Gabon has a record of systemic corruption and routine bribery involving multiple layers of public servants and decision-makers, There is widespread complicity in trafficking crimes, including judicial staff, with judges allegedly taking bribes from traffickers to delay or dismiss trafficking cases. Despite fiscal management reform efforts, systemic corruption still persists. The embezzlement of state funds reportedly gives rise to money laundering and the recent instability in the country has led to arms brokers seeking to sell weapons.
In the year 2021, Sub-Saharan Africa showed no remarkable progress in its journey away from corruption based on the Corruption Perception Index. Gabon, a Sub-Saharan country was ranked 124 out of 180 as it’s corruption degree in the very same year by Transparency International.
Financial Crime in Gabon
Gabon suffers from porous borders and smuggling. The country has put in efforts through fiscal management reforms to fight corruption, but it seems to linger. Ranging from embezzlement to money laundering, to theft in the oil and gas sector, to corruption in its timber industry, to drug crimes, Gabon struggles with several financial crimes in many of its sectors.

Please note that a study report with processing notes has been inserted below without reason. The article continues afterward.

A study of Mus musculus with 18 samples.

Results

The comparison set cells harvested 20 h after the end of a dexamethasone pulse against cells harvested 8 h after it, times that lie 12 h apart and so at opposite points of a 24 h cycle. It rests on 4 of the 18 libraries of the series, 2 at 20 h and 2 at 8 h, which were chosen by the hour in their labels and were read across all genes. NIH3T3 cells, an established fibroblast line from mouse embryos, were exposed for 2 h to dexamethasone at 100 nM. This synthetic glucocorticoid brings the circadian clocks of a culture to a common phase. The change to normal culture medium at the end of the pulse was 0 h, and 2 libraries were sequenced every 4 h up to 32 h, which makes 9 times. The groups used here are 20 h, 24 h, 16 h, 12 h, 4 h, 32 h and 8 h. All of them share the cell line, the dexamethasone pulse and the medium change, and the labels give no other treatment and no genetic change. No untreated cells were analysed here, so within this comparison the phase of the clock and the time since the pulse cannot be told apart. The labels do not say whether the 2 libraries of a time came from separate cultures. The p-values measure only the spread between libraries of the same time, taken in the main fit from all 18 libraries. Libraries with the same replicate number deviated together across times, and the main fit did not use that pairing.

Many top officials have been involved in financial crimes in Gabon, either in its extractive sector or by looting the nation’s wealth, money laundering, unexplained wealth, family loot, etc.
Recently, a French radio station reported that a Gabon court handed down a sentence to the former director of the Gabon Oil Company, Brice Laccruche Alihanga, following investigations on corruption charges involving him and two other former employees of the country’s oil company. It was also reported that the country’s Special Criminal Court in its capital, Libreville, also found two officials guilty of embezzlement and money laundering, sentencing them to 12 and 10 years respectively.
Family Loot exists in Gabon very deeply. The Bongo family, who have ruled Gabon for five decades, from the father, Omar Bongo(late), and now Ali Bongo(his son), have been consistently accused of looting the country’s wealth, these accusations have been investigated, and authorities have discovered that the family owns bundles of cash stashed, cars, expensive properties, and general assets purchased with these stolen funds from the nation’s economy. It was also discovered that the family owns properties worth over US $4.2million.
It is highly suspected that the family has benefited from a fraudulently acquired real estate empire worth 85 million Euros, much of which was from “undue commission” by exploiting Gabon’s oil reserves.
On drug crimes, cannabis, cocaine, tramadol, heroin, and all forms of synthetic drugs are smuggled into Gabon via its porous borders, they are repackaged and shipped through sea and air routes to various destinations, thereby encouraging money laundering.
Gabon generally adopts relevant laws with respect to combatting organized crime but is weak with compliance and implementation. The shortcomings in its legal system also make prosecution of financial criminals difficult.